Fears Over Iran Buoy Netanyahu at Home. For Now.

Since the Hamas-led attack on Israel last October, the deadliest in Israeli history, Prime Minister Benjamin Netanyahu’s political future has seemed bleak, with critics blaming him for the security failure and his poll ratings plummeting.

But a confrontation between Israel and Iran this week — including on Friday when Israel retaliated against last weekend’s missile barrage by Iran — may have helped change the dynamic, at least for the time being. Now, Mr. Netanyahu is in his strongest domestic position since the October attack, even as his global standing ebbs amid anger at the conduct of Israel’s war in Gaza.

“This was his best week since October,” said Mazal Mualem, a biographer of Mr. Netanyahu. “We’re all afraid of Iran, with all the nuclear forces that they may have. And that’s the reason that, this week, we can see Bibi recovering,” Ms. Mualem said, calling Mr. Netanyahu by his nickname.

Mr. Netanyahu’s far-right coalition is still trailing the main opposition bloc in the polls, and he would still likely lose an election if it was called tomorrow. But the latest surveys show the gap has more than halved since October. His personal approval ratings have edged up to 37 percent, just five points fewer than his main rival, Benny Gantz — one of the smallest margins since the start of the war.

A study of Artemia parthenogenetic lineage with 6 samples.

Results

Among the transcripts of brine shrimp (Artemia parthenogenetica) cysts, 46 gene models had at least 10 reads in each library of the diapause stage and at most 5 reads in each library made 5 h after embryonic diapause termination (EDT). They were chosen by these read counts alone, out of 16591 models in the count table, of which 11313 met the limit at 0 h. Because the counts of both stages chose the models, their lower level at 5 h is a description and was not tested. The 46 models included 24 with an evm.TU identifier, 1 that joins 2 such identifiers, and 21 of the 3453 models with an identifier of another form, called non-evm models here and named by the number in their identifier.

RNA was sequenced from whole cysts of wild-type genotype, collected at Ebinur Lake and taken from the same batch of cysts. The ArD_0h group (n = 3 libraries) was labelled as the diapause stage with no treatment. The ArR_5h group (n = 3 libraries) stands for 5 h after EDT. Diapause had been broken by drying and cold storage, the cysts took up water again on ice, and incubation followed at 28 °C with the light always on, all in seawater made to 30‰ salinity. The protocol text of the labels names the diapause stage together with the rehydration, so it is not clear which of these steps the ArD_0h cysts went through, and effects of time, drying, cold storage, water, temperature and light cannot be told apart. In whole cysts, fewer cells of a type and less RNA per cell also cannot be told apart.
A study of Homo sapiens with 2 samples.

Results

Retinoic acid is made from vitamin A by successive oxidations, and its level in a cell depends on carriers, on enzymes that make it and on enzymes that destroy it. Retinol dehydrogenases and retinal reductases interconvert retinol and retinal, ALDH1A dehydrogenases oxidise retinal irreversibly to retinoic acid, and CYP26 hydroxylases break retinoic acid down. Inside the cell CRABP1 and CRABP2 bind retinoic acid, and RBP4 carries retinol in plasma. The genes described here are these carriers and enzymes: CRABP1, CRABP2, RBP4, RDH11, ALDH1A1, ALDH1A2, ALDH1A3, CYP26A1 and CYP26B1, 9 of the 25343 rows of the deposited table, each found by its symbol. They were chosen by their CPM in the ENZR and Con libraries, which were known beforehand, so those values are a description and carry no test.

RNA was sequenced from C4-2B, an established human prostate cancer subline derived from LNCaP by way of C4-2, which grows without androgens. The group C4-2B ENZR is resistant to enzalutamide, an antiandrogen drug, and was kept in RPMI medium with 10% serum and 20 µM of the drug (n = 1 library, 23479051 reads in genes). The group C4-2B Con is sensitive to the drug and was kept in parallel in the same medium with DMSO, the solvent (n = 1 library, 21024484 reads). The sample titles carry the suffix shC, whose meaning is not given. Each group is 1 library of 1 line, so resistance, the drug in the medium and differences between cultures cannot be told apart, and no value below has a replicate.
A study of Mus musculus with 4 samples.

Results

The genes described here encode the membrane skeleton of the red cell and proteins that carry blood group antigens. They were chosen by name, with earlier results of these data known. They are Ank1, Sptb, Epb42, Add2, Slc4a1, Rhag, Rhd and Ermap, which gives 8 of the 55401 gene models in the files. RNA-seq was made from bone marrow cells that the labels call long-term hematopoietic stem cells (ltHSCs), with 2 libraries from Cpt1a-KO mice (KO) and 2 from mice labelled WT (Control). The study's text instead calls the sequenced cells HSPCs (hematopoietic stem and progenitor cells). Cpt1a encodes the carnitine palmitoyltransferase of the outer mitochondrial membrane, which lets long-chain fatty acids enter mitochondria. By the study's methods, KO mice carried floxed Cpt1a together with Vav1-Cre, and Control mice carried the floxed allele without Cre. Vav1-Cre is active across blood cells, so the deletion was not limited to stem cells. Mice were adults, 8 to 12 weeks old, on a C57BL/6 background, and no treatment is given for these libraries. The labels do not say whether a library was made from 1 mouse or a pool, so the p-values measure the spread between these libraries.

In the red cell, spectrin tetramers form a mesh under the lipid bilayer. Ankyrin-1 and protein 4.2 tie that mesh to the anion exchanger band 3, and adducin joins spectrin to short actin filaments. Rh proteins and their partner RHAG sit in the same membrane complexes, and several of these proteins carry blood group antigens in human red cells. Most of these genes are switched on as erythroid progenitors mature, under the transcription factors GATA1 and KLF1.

Analysts partly attribute this limited recovery to Israel’s conflict with Iran, once a clandestine war that turned into an overt confrontation this month after Israel struck an Iranian diplomatic compound in Syria, killing seven. The attack prompted Iran to respond with its first-ever direct attack on Israeli soil last weekend, and then Israel to retaliate in Iran on Friday.

At least for now, the tensions have shifted some domestic attention away from Mr. Netanyahu’s perceived failings in the war against Hamas in Gaza, and played to Mr. Netanyahu’s strengths.